Due to a genetic disorder, Zach is visually impaired. He’s never had the ability to participate in a sport competitively. Here’s his story of how lawn bowls has changed his life – for the better.
Meet Zach Abdalla, a 14-year-old from Calgary, Alberta. Zach was born with Marfan syndrome, a genetic disorder that affects the body’s connective tissues. About 1 in 5,000 people have Marfan syndrome, and it can have varying effects. For Zach, the syndrome has affected both his eyes and his heart. So much so, that he has never before had the ability to participate in sport competitively. Until he tried bowls.
In collaboration with the Alberta Sport & Recreation Association for the Blind, the Calgary LBC offered a Try-It session that Zach participated in. After trying it once, Zach was keen to learn more.
Zach’s mother, Chris, explains “as a parent of a youth with sight loss, I spend a considerable amount of time figuring out ways for Zach to participate in whatever activities he is interested in. A year or two ago we stumbled upon lawn bowling; to my surprise and delight, the lawn bowls community already had all the adaptions in place to give my son the opportunity to participate at any level he wanted.”
“As a blind lawn bowler, the game can be tough,” says Zach. “Sometimes your bowls go wide because you misaligned yourself and got the wrong curve described by your director. But, in light of these challenges, the past few years I’ve been lawn bowling have been outstanding. I have a lot of things to look forward to in lawn bowling”
At the national level, Bowls Canada’s vision is to “Bring Canadians Together Through Bowls”. This means making the sport as inclusive and accessible as possible. When asked about how the sport has been inclusive, Chris says “the Bowls Canada Community has welcomed us every step of the way. We are incredibly thankful for our volunteer coach that has not only taught Zach the fundamentals he needs, but has patiently taught me the skills needed to be his director. He loves the challenge and fun of lawn bowling so much that he convinced one of his friends (who also has sight loss) to join him on the green when the pandemic is over. Next season, Zach is looking forward to sharing his love of lawn bowling with his friend, training sessions with Coach Kathryn, and competing at the Provincials. The potential opportunities for both Zach and his friend are amazing. They could possibly join a Youth Lawn Bowls camp to learn and play alongside their sighted peers, compete at National Championships, and maybe even one day represent Canada at the Commonwealth Games.”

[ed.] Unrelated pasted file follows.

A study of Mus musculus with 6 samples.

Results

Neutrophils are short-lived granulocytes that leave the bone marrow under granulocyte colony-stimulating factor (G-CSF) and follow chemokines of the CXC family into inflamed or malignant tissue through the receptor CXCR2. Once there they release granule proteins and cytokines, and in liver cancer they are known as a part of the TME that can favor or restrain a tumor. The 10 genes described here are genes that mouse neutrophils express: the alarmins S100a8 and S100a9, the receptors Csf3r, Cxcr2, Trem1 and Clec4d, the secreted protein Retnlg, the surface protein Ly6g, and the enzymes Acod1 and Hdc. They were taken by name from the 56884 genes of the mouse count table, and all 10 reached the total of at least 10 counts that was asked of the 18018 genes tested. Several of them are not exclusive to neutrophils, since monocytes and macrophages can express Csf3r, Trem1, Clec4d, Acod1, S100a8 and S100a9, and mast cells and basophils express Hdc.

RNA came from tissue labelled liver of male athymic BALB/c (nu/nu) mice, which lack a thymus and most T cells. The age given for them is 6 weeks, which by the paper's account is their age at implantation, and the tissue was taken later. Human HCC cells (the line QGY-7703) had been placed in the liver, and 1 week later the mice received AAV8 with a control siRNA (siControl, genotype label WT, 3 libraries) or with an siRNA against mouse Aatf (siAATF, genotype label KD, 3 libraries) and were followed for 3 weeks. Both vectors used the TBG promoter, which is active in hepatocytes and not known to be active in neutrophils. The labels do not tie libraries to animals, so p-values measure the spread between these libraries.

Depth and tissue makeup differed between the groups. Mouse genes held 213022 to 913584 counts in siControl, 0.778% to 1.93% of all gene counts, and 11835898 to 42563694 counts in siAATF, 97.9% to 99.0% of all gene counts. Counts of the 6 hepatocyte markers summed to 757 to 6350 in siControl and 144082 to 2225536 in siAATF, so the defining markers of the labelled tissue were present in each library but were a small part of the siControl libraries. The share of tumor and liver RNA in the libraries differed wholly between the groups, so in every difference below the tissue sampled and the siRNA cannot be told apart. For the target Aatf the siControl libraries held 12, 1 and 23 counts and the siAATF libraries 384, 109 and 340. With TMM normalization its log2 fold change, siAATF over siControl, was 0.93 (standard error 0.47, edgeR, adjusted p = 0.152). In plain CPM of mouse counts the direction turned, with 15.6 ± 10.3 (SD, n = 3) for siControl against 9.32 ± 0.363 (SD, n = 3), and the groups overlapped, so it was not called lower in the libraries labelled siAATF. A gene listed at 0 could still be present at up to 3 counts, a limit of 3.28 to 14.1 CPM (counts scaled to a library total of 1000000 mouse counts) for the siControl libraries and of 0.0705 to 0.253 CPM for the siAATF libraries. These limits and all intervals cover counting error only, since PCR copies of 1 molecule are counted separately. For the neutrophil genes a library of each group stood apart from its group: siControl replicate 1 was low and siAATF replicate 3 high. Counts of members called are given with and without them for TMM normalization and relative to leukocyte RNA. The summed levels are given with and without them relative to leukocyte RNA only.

Kathryn MacGregor, BCB’s president, is Zach’s coach and director. Having someone so knowledgeable about the sport isn’t lost on Zach and his mother either. “Kathryn, my coach, has been amazingly supportive and has big ideas for my future in lawn bowling,” explains Zach. “I greatly enjoy the challenge of lawn bowling and find the various adaptations that are used both interesting and helpful. The director is a very useful person to have around, they use auditory directions to line me up with the jack and the board. There are feet markers along the field so that my director can tell me how far I threw.”
According to Zach, “I have never before had the ability to participate in a sport competitively. Lawn bowling has given me this wonderful chance to go far with a sport and I am very thankful for that opportunity.”
Bowls Canada is in the process of creating adaptive programs and resources to encourage even more people like Zach to give bowls a try. Help us to make the sport more inclusive and accessible.